In the United States, presidential elections are in full swing. The two main political parties have a different tack on foreign aid, according to their political platforms. Most notably, Democrats hope to increase aid spending while the Republicans want to restrain it.
A top adviser of the Republican standard bearer did tell Devex: Mitt Romney broadly supports development cooperation. So, a doomsday scenario where the foreign aid budget is drastically cut and the U.S. Agency for International Development may not be realistic, after all.
But what about Republican and Democratic voters: How do they perceive the U.S. foreign aid program? Do they want to increase or cut U.S. development spending overseas?
“Contrary to conventional wisdom, the foreign policy opinions of Americans in ‘red’ and ‘blue’ districts are remarkably similar,” according to a new study by a U.S.-based think tank, the Chicago Council on Global Affairs. “In fact, they are remarkably similar: there is an important difference on only four of the eighty-five questions, while Americans’ opinions coalesce in similar ways on all other questions.”
The study is based on the latest in a series of surveys commissioned by the think tank to assess public opinion on U.S. foreign policy.
Economic aid to Africa is one area where the two groups of voters share a similar view. According to the study, the majority of both Democrats (71 percent) and Republicans (65 percent) support increasing or maintaining U.S. economic aid to countries in the region. They tend to agree that the United States should maintain its level of aid for Israel, a long-time ally in the Middle East.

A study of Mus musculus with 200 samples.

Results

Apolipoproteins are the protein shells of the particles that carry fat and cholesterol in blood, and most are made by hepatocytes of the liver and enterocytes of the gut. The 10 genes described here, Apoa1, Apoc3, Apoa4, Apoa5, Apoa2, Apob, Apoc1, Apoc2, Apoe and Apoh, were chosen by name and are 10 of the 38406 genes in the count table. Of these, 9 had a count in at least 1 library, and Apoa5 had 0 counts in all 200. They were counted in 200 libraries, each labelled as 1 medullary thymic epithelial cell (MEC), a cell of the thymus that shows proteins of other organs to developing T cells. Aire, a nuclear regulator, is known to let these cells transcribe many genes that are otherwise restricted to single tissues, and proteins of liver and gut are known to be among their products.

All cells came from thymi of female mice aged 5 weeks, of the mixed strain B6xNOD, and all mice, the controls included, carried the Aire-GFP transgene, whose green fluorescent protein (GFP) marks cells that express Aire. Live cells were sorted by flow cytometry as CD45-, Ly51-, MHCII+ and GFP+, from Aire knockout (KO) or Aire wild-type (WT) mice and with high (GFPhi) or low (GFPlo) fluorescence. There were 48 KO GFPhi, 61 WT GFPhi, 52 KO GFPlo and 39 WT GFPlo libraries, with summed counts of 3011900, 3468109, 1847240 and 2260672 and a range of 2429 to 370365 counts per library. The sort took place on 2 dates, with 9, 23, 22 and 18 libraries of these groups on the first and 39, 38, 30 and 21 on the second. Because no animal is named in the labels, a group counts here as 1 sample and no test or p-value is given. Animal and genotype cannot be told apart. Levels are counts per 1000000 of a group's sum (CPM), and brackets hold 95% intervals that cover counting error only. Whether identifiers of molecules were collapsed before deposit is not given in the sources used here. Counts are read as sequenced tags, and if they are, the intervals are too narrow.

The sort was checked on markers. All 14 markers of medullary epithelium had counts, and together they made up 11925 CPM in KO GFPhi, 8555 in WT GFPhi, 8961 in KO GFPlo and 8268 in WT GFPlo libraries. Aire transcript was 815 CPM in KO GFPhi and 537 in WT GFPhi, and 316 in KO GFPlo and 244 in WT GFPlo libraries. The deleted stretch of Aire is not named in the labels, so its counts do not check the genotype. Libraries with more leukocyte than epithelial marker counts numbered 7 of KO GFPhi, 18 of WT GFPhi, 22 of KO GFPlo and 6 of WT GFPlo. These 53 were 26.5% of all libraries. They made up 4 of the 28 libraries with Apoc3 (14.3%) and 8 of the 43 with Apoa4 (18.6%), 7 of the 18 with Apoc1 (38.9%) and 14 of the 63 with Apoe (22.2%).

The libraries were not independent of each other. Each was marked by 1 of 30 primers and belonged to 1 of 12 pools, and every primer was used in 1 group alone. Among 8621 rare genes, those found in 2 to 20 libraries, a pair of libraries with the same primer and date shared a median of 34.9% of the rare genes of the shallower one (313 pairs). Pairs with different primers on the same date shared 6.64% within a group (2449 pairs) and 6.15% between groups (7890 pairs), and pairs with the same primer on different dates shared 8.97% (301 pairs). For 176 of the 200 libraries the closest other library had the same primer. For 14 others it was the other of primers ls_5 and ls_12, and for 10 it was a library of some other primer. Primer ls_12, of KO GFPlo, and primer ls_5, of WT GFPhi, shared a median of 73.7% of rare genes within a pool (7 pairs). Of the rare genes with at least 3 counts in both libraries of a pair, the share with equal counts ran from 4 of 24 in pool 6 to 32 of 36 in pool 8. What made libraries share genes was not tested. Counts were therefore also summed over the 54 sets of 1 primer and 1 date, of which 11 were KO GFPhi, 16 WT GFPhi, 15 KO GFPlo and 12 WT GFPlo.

Democrats and Republicans also share views on Afghanistan and Pakistan: Most said U.S. aid should decrease or stop. Support for aid to Afghanistan, Pakistan and Egypt has dropped since 2010, when the survey was conducted last.
More similarities: A majority of both Democrats and Republicans believes U.S. foreign policy should protect jobs at home, reduce the country’s dependence on oil and prevent the spread of nuclear weapons.
Of course, there are divergences: More Democrats support climate change mitigation, efforts to combat hunger, and a stronger United Nations. Also, more Democrats believe the United States should increase or maintain its aid for Egypt.
This is the latest in a series of surveys and reports that appear to dispel the notion – oft-cited by conservative lawmakers – that the U.S. public opposes foreign aid. The United Nations Foundation, for instance, has found strong support for the global body in its twice-yearly surveys. The Brookings Institution, meanwhile, noted in a 2011 policy brief that “political opposition to aid spending does not arise from the American public.”
Politicians from both sides of the aisle – and aid advocates – should take heed.